Young British Muslims are being attracted to the "poisonous" ideology of groups like the Islamic State (Isis) because of a "glamorisation" of terrorism, David Cameron will warn.
The prime minister, who is set to speak in Birmingham later today (20 July), will also argue that a failure of integration has led to around 700 UK citizens joining the jihadi militant group in Iraq and Syria.
"For all our successes as a multi-racial, multi-faith democracy, we have to confront a tragic truth that there are people born and raised in this country who don't really identify with Britain and feel little or no attachment to other people here," Cameron will say.
"So when groups like Isis seek to rally our young people to their poisonous cause, it can offer them a sense of belonging that they can lack here at home, leaving them more susceptible to radicalism and even violence against other British people to whom they feel no real allegiance."
"This is what we face: a radical ideology that is not just subversive, but can seem exciting, one that has often sucked people in from non-violence to violence, that is overpowering moderate voices within the debate and which can gain traction because of issues of identity and failures of integration."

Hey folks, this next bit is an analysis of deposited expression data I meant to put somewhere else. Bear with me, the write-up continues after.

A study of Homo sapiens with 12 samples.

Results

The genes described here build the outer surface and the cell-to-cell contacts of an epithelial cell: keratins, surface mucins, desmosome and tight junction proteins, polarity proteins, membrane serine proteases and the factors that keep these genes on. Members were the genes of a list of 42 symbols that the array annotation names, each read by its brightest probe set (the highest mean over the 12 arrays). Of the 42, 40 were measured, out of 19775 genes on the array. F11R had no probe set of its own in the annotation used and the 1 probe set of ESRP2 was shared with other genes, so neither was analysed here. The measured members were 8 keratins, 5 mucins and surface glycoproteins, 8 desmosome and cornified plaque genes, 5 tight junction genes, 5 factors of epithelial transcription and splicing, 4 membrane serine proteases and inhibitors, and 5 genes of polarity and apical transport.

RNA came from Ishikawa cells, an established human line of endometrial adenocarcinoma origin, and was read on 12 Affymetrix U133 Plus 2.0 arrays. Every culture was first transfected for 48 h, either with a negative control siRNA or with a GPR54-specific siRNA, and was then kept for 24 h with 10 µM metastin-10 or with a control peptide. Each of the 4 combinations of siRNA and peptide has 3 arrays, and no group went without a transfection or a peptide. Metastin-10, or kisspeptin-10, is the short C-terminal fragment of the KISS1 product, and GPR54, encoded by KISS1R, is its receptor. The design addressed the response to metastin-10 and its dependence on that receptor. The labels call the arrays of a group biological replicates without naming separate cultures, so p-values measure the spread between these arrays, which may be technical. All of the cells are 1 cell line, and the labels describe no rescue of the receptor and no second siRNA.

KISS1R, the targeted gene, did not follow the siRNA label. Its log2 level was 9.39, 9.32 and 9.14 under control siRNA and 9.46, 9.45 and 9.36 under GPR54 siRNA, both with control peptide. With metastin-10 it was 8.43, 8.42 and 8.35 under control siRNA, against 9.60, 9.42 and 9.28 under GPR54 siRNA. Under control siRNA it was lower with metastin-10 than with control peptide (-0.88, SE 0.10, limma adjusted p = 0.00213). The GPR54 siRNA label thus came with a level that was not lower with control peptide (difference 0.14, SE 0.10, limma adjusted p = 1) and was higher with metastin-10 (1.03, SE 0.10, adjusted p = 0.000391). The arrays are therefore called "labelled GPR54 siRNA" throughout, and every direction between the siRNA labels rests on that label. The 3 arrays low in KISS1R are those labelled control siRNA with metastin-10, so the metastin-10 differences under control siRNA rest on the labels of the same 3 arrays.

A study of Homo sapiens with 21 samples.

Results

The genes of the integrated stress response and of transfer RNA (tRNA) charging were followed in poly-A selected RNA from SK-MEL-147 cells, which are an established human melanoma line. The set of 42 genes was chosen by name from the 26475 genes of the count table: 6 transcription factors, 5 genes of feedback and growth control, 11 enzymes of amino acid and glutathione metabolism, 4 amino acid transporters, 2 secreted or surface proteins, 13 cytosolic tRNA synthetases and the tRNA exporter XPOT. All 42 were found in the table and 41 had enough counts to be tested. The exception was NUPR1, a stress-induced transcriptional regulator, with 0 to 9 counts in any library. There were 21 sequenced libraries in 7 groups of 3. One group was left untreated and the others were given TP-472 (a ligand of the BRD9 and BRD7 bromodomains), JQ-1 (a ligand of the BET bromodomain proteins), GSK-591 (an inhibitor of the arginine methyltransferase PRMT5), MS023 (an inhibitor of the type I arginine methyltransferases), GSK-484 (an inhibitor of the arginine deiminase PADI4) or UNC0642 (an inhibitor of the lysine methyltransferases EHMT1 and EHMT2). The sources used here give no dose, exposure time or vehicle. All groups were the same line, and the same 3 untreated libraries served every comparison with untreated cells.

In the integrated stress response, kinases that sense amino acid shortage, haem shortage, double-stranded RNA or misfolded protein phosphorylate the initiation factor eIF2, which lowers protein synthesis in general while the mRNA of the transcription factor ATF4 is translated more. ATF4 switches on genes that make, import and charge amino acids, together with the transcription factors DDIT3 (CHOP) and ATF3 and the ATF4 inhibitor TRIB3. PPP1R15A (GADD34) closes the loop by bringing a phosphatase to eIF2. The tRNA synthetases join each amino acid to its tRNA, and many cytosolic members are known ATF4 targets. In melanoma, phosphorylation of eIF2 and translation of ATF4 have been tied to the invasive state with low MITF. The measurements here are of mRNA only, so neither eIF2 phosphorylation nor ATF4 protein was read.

The prime minister will deliver the warning in the West Midlands, the Press Association reports, as he launches a probe into how to boost "opportunity and integration" in British Muslim communities.
The review will be headed by top civil servant Louise Casey, a former director of the homelessness charity Shelter and director general of the government's Troubled Families programme.
"Like so many ideologies that have existed before – whether fascist or communist – many people, especially young people, are being drawn to it," Cameron will say.
"We need to understand why it is proving so attractive. Some argue it's because of historic injustices and recent wars, because of poverty and hardship. This argument, the grievance justification, must be challenged."
The speech will come after the prime minister said his government was committed to destroying Isis alongside the US.
But the Tory leader also told NBC that he would "have to take my parliament with me", suggesting Cameron plans to hold a vote in the House of Commons on British intervention against Isis in the near future.
"We're talking and discussing at the moment, including with the opposition parties in Britain, what more we can do. But be in no doubt, we're committed to working with you to destroy the caliphate in both countries," he said.
Cameron faced a defeat in the Commons two years ago when MPs voted against his proposal to launch RAF air strikes on Syrian government forces.
But the prime minister now has a majority, albeit slim, and is expected to call for attacks against Isis targets rather than forces loyal to Bashar al-Assad.